A study trip of the Czech team to Norway took place between 24–30 January 2016. Apart from the Statped workplace in Heimdal, it included also a visit to NTNU (Norges teknisk-naturvitenskapelige universitet) – the Norwegian University of Technical and Natural Sciences that carries out a BA curriculum for sign language interpreters.
Working sessions at Statped took four days, during which the Teiresias Centre team met more than ten staff members responsible for the production of learning and study materials in sign language and for the development of technological tools necessary for these tasks. While Statped focuses mainly on publications for primary and secondary schools and the mission of Teiresias aims to tertiary education, it showed that they both encounter the same complications, relating to structural differences of written and sign languages and the short tradition of using sign video-documents in teaching. The main discussion topic was the translation of publications in sign language and various formats of their accessibility. However, other topics closely related to the central one were opened too – for instance more general issues concerning the education system in Norway, state subsidies, financing, interpretation, sign language dictionaries, testing sign language users, language teaching of the deaf, copyrights, etc. The Czech visitors were also given an opportunity to get an insight of the education process itself – both direct teaching of deaf children and online courses.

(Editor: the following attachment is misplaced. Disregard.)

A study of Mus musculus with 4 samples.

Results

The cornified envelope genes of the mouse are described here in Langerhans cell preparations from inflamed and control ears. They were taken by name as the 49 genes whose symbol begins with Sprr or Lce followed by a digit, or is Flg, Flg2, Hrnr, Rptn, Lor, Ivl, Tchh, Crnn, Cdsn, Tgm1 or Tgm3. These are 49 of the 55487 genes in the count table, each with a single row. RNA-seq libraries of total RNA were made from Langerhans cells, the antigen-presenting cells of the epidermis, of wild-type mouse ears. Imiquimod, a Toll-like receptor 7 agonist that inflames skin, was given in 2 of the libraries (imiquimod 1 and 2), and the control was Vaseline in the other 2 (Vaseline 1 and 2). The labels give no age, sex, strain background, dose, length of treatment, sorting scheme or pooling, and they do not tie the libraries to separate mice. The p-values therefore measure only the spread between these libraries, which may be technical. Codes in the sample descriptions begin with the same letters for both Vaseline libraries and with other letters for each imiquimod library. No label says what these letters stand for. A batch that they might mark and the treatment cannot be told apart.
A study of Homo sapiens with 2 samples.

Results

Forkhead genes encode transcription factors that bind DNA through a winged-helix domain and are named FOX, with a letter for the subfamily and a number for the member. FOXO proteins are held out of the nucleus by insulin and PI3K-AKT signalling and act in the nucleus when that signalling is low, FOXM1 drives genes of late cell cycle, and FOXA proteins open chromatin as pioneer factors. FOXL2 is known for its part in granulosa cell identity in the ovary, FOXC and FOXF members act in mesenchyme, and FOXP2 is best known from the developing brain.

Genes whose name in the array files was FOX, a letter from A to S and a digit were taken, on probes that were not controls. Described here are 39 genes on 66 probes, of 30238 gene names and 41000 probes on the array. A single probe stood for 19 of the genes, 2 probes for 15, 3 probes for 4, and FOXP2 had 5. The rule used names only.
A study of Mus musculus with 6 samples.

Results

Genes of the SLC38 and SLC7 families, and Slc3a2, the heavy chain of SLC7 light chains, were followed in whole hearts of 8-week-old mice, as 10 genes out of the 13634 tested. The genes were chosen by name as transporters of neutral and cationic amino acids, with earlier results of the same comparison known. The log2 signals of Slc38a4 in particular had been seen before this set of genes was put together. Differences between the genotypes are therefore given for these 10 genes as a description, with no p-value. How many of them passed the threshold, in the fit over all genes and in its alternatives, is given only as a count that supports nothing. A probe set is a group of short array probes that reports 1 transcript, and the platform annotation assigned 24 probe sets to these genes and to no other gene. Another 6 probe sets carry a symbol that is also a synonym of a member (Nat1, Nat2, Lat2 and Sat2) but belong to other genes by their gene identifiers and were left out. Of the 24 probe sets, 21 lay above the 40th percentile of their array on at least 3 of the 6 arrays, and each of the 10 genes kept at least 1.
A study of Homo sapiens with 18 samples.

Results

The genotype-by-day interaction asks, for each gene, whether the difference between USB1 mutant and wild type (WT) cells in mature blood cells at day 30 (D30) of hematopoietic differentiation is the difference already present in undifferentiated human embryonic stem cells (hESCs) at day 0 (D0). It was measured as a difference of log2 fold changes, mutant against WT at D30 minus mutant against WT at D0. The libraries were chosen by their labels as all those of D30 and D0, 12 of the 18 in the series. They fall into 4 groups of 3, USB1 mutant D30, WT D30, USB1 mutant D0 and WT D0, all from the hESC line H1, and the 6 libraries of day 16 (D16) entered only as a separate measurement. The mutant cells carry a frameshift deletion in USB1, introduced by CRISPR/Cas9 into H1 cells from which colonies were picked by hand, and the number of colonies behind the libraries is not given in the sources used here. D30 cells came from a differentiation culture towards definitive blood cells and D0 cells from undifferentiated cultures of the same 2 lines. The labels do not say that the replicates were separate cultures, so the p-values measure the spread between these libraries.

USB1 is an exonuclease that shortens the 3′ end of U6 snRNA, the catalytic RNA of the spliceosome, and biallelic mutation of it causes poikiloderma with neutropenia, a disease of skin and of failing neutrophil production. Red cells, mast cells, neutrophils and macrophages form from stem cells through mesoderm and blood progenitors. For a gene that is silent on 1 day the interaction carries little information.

The working session at the NTNU took one day, the special curriculum for sign language interpreters being the main discussion topic. But also here other related issues were raised, as those already mentioned above (dictionaries, accessibility of study materials), and further e.g. the system of support to students with specific needs at Norwegian universities.
Although it appeared impossible to reach satisfactory answers to all the questions, the information obtained during the working sessions can be considered useful for both sides. It proved that in the two workplaces the work follows the same lines in many aspects, that there are common issues which need to be solved; therefore the questions raised by the Czech team were inspiring for the Norwegian colleagues – or at least stimulating further reflection.